Radioactive Topological Insulators

 

Physicists in California and Germany have calculated that a bizarre class of materials called topological insulators can be made from elements like uranium and plutonium, according to a report in this week’s issue of Science.

Topological insulators are recently discovered materials that weirdly insulate on the inside and conduct on the outside. Even stranger is the way they conduct. Electrons at the surface travel in a direction determined by their spin state.Stranger still, those electrons effectively have no mass (like in graphene). This chimera-like mix of properties, say some physicists, could lead to practical quantum computers, among other things.

Today, these experimental materials are usually made from alloys of bismuth. But according to simulations by Shou-Cheng Zhang and colleagues at Stanford, University of Mainz, and Max Planck Institute for Chemical Physics of Solids in Dresden, rocksalts made from actinides—a series of heavy elements that include dangerous stuff like uranium and plutonium—could be made into topological insulators that work at room temperature.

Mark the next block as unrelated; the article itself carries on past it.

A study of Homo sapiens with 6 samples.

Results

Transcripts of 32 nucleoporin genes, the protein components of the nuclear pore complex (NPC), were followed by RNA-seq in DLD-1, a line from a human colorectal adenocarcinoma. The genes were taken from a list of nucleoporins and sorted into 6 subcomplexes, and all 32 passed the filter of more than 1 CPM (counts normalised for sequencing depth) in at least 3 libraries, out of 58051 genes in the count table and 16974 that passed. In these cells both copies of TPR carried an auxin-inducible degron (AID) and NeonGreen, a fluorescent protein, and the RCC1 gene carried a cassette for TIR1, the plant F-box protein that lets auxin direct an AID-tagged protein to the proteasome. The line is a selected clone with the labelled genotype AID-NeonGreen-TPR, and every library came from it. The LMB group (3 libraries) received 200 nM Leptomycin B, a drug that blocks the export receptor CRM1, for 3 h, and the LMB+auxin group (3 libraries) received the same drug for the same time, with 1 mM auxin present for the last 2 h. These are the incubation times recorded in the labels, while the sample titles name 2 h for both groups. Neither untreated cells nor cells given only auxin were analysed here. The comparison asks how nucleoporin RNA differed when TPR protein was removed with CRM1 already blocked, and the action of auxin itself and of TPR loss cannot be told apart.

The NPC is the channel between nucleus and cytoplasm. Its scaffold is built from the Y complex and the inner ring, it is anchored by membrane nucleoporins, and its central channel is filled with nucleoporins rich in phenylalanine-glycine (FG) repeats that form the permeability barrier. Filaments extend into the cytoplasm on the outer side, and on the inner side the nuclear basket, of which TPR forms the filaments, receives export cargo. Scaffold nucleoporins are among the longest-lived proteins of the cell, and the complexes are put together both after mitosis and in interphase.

Reached by email, topological insulators guru Joel E. Moore, whose feature article on the topic appeared in the July 2011 issue of IEEE Spectrum, says the significance of actinides theory is twofold:

It suggests a new class of materials that might improve on the existing heavy semiconductors as far as some properties are concerned (e.g., the bulk might be more truly insulating), and it gives us a theoretical idea of where to look for yet more examples,” he says. “The second may be more important for practical applications, as actinides such as plutonium are impossible for many groups to work with.

However, Moore adds, it’s very important that the findings, which are now just simulations, be confirmed experimentally. “The ability of electronic structure theory to describe these strongly correlated materials is not perfect.”